The research cluster on transformations will investigate the social and technical transformations initiated by disasters on a short- as well as long-term basis.

At the institutional level, reports by the United Nations and the World Bank highlights, as the first main finding, that “a disaster exposes the cumulative implications of many earlier decisions, some taken individually, others collectively, and a few by default”. Thus, at the political, legal and organisational level, a disaster offers a wealth of information for contingency planning and training for future disasters as well as fundamental insights into institutional structures and mechanisms. Disasters therefore often trigger major institutional transformations, both of disaster management systems and of societies as such.

At the cultural level, disasters affect individuals and communities in the immediate aftermath and in the long term. Hence, disasters induce transformations at the personal or collective level as survivors must learn to live with their losses and traumas. The sociologist Kai Erikson highlights two types of disaster trauma, the individual trauma (“a blow to the psyche that breaks through one’s defences so suddenly and with such force that one cannot respond effectively”) and community trauma (“a blow to the tissues of social life that damages the bonds linking people together and impairs the prevailing sense of community”). In this field of micro-transformations post-disaster rituals and community remembrance also has a central role to social adaption and of course resilience. Not only communities and people directly affected by a concrete disaster are affected. The fear and anticipation of a disaster also impact on social relations and practices, for instances affecting house construction, economic investments and security measures.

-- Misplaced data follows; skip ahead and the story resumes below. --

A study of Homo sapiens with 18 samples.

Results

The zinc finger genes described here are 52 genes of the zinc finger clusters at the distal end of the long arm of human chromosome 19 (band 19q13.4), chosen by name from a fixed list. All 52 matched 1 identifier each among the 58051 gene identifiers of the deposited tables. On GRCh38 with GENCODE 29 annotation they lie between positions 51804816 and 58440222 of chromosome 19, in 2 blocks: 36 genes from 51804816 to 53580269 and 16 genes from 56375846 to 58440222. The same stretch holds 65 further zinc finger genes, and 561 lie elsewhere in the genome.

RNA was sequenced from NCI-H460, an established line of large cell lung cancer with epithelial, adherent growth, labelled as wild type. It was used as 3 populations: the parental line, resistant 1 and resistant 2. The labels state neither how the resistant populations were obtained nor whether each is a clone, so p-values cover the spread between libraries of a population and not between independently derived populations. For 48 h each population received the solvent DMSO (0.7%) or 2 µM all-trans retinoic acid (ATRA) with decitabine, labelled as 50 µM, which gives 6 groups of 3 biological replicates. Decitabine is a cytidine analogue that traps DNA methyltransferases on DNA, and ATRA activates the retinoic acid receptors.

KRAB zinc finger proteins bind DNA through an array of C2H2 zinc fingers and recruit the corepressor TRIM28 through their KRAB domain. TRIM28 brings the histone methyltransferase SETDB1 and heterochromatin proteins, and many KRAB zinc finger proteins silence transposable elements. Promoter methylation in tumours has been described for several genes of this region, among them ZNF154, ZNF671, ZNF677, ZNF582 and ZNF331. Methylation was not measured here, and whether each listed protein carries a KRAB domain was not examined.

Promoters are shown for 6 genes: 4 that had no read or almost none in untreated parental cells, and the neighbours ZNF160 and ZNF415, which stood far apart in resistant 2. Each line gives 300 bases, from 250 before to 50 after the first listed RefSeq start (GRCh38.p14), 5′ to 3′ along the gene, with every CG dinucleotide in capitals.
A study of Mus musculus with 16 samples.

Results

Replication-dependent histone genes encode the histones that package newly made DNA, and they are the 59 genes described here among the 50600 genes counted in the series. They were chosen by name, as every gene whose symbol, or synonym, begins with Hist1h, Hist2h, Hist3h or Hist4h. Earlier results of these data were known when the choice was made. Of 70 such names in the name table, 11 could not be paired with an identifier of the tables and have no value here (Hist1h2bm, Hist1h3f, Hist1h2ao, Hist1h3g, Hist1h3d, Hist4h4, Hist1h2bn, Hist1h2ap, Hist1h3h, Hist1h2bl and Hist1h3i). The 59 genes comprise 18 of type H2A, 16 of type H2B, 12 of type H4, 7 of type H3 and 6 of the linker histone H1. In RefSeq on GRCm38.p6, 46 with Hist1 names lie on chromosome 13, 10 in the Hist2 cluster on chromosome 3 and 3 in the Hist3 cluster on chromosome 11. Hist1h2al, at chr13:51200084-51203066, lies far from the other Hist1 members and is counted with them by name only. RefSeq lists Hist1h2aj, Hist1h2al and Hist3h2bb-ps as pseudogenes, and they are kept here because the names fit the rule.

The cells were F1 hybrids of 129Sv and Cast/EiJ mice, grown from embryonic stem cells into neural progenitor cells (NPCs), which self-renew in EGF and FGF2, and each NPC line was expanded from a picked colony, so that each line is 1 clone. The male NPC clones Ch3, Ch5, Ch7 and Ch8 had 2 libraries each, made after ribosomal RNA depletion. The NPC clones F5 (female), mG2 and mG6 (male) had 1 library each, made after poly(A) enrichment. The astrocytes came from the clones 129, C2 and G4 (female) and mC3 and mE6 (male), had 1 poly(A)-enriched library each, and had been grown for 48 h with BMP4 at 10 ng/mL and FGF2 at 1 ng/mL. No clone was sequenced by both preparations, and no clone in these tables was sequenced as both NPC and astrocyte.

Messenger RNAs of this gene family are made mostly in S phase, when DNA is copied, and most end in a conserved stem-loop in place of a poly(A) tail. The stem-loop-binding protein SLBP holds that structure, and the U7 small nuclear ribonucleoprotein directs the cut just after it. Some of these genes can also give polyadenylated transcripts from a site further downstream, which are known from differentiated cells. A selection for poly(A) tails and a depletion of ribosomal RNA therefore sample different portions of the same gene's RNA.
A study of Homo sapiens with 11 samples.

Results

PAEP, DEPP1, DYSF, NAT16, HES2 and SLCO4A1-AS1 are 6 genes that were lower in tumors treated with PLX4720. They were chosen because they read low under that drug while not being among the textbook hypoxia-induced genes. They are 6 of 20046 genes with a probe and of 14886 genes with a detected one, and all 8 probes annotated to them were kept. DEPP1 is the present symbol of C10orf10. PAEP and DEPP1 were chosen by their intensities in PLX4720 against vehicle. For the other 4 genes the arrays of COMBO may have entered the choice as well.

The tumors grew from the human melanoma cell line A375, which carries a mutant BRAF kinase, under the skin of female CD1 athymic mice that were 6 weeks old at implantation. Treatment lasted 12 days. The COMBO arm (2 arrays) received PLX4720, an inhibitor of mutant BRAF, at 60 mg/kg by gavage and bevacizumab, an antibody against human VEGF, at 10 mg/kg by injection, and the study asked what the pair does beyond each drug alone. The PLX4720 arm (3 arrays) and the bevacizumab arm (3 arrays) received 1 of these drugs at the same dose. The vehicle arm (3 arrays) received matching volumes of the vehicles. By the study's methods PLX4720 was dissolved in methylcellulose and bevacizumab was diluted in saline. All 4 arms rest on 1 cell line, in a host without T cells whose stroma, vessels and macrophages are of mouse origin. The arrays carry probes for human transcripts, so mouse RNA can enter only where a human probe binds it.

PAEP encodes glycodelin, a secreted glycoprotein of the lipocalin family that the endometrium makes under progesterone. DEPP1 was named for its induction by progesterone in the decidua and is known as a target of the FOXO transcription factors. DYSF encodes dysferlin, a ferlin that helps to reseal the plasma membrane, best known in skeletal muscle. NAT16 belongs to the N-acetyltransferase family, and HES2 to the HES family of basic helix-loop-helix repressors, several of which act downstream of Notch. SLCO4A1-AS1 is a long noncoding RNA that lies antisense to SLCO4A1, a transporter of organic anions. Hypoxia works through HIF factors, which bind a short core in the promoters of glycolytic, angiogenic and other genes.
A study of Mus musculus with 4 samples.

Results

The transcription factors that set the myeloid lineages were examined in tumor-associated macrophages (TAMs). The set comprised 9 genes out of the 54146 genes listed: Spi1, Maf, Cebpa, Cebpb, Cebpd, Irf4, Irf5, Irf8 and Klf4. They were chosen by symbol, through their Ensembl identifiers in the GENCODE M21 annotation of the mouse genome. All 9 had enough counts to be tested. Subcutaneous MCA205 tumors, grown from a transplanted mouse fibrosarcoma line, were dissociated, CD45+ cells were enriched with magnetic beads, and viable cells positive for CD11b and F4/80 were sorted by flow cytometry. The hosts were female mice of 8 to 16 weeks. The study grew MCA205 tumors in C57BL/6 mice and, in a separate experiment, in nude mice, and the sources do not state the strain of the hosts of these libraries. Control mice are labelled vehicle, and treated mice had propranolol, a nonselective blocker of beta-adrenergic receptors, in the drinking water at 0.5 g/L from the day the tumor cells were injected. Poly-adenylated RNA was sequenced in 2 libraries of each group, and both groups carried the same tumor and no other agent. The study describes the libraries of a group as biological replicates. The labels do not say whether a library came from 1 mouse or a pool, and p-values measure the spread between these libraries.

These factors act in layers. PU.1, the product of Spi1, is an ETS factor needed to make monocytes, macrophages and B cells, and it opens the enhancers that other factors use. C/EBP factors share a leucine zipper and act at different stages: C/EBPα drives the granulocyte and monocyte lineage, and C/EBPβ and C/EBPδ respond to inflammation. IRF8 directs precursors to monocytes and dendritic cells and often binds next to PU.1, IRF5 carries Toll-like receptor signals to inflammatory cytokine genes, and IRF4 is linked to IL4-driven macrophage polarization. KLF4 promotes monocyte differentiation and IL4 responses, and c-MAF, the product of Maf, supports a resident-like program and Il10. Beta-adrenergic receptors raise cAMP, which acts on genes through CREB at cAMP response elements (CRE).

A central aim of this research cluster is to integrate the institutional and the cultural level regarding the question of transformation. This will be done by taking a broader perspective that looks at the social, economic, legal, political and cultural transformation for both entire nations and regions in the aftermath of large scale disasters and for individual communities. Traditionally this institutional and cultural ”after-treatment” of disasters is approached under the heading recovery. However, large scale disasters often have long-run impacts on the communities in which they occur, regionally and even globally. Thus, there is a need to study these wide ranging longer term processes and effects if we are to understand and assess the total impact of disasters. At present, such studies are rare. Most studies of the aftermath of disasters are still about community reconstruction, individual and collective trauma, and legal battles. A central question in this research cluster will be if disasters tend to serve as triggers of systemic change or if they prevent such change and to what extent these transformations are channelled by good governance and institutions.

For further information please contact Professor John Rand or Professor Morten Broberg.